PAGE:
The dynamic range of fixed-point numbers is much less than floating-point numbers with equivalent word sizes. To avoid overflow conditions and minimize quantization errors, fixed-point numbers must be scaled.

With the Fixed-Point Designer™ software, you can select a fixed-point data type whose scaling is defined by its binary point, or you can select an arbitrary linear scaling that suits your needs. This section presents the scaling choices available for fixed-point data types.

You can represent a fixed-point number by a general slope and bias encoding scheme.

$$\text{real-worldvalue}=\left(\text{slope}\times \text{integer}\right)+\text{bias}$$

where the slope can be expressed as

$$\text{slope}=\text{slopeadjustmentfactor}\times {\text{2}}^{\text{fixedexponent}}$$

The integer is sometimes called the *stored integer*.
This is the raw binary number, in which the binary point is assumed
to be at the far right of the word. In Fixed-Point
Designer documentation,
the negative of the fixed exponent is often referred to as the *fraction
length*.

The slope and bias together represent the scaling of the fixed-point number. In a number with zero bias, only the slope affects the scaling. A fixed-point number that is only scaled by binary point position is equivalent to a number in slope bias representation that has a bias equal to zero and a slope adjustment factor equal to one. This is referred to as binary point-only scaling or power-of-two scaling:

$$\text{real-worldvalue}={2}^{\text{fixedexponent}}\times \text{integer}$$

or

$$\text{real-worldvalue}={2}^{\text{-fractionlength}}\times \text{integer}$$

The scaling modes available to you within this encoding scheme are described in the sections that follow. For detailed information about how the supported scaling modes effect fixed-point operations, refer to Recommendations for Arithmetic and Scaling.

Binary-point-only or power-of-two scaling involves moving the binary point within the fixed-point word. The advantage of this scaling mode is to minimize the number of processor arithmetic operations.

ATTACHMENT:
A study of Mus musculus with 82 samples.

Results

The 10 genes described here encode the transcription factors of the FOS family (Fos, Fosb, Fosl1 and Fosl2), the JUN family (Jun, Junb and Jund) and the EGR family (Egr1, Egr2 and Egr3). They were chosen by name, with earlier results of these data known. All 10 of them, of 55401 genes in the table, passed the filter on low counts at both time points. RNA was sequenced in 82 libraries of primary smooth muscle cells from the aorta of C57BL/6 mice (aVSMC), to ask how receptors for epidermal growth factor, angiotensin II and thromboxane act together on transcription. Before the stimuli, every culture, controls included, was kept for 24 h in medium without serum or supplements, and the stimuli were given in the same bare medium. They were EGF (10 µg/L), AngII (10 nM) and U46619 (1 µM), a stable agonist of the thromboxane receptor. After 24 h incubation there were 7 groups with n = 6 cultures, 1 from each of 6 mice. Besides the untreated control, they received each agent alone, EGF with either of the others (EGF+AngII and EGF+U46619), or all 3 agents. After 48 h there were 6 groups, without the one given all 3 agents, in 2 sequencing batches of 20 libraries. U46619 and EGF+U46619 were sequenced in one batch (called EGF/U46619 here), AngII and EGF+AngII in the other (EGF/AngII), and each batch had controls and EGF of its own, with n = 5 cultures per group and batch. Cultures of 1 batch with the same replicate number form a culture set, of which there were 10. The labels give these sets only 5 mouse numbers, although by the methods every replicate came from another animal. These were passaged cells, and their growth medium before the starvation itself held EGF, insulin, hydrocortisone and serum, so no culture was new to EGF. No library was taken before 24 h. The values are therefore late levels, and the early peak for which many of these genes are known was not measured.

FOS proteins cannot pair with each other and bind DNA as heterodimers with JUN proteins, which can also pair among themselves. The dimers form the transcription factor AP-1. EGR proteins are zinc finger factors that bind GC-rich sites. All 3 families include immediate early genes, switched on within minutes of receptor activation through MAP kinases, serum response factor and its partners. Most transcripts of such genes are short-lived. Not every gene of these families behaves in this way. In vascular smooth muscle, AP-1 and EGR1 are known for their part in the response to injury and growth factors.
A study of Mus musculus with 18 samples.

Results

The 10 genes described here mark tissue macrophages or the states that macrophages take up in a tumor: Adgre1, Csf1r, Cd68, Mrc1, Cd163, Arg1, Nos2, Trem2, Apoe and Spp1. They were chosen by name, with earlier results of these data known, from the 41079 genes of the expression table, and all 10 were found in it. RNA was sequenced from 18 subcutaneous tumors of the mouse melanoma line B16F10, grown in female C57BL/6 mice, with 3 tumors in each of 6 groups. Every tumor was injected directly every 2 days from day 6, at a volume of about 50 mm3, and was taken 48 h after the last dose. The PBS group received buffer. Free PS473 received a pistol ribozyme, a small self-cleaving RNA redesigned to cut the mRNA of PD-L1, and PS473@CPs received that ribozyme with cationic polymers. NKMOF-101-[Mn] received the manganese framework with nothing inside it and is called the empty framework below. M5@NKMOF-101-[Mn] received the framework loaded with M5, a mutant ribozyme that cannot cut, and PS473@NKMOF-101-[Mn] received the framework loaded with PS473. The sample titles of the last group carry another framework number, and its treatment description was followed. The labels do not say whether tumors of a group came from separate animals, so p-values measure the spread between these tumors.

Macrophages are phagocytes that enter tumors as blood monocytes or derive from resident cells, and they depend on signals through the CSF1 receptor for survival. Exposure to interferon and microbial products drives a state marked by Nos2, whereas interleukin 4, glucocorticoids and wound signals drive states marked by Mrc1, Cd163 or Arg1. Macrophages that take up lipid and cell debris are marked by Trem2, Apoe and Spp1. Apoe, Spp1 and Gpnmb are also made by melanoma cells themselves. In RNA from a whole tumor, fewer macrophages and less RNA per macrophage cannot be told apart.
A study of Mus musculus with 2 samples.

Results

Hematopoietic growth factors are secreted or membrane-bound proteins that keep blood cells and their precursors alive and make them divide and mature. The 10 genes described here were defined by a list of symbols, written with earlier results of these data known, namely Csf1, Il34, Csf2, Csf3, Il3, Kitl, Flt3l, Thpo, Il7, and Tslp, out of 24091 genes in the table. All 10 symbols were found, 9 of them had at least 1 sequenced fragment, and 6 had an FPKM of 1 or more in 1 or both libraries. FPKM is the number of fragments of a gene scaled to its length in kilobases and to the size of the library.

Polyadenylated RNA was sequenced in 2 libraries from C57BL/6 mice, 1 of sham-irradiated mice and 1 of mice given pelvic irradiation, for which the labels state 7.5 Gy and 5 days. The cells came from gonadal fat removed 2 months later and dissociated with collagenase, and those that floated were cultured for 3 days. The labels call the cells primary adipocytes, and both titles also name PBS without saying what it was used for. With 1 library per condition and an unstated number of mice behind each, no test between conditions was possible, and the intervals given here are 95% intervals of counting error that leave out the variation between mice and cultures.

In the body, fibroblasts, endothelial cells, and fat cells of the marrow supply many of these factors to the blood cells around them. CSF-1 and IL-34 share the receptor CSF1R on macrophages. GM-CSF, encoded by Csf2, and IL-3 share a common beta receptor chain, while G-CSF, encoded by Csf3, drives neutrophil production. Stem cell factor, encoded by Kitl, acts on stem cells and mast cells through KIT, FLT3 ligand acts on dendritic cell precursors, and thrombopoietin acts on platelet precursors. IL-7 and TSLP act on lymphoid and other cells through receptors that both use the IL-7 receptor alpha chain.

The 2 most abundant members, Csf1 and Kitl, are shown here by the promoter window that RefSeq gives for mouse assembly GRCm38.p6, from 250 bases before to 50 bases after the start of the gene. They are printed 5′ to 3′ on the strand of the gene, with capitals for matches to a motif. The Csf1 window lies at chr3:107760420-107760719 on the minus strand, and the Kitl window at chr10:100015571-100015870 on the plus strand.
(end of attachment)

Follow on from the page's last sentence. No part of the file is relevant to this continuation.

With binary-point-only scaling, the components of the general slope and bias formula have the following values:

*F*= 1$$S=F{2}^{E}={2}^{E}$$

$$B=0$$

The scaling of a quantized real-world number is defined by the
slope *S*, which is restricted to a power of two.
The negative of the power-of-two exponent is called the fraction length.
The fraction length is the number of bits to the right of the binary
point. For Binary-Point-Only scaling, specify fixed-point data types
as

signed types —

`fixdt(1, WordLength, FractionLength)`

unsigned types —

`fixdt(0, WordLength, FractionLength)`

Integers are a special case of fixed-point data types. Integers have a trivial scaling with slope 1 and bias 0, or equivalently with fraction length 0. Specify integers as

signed integer —

`fixdt(1, WordLength, 0)`

unsigned integer —

`fixdt(0, WordLength, 0)`

When you scale by slope and bias, the slope *S* and
bias *B* of the quantized real-world number can
take on any value. The slope must be a positive number. Using slope
and bias, specify fixed-point data types as

`fixdt(Signed, WordLength, Slope, Bias)`

Specify fixed-point data types with an unspecified scaling as

`fixdt(Signed, WordLength)`

Simulink^{®} signals, parameters, and states must never have
unspecified scaling. When scaling is unspecified, you must use some
other mechanism such as automatic best precision scaling to determine
the scaling that the Simulink software uses.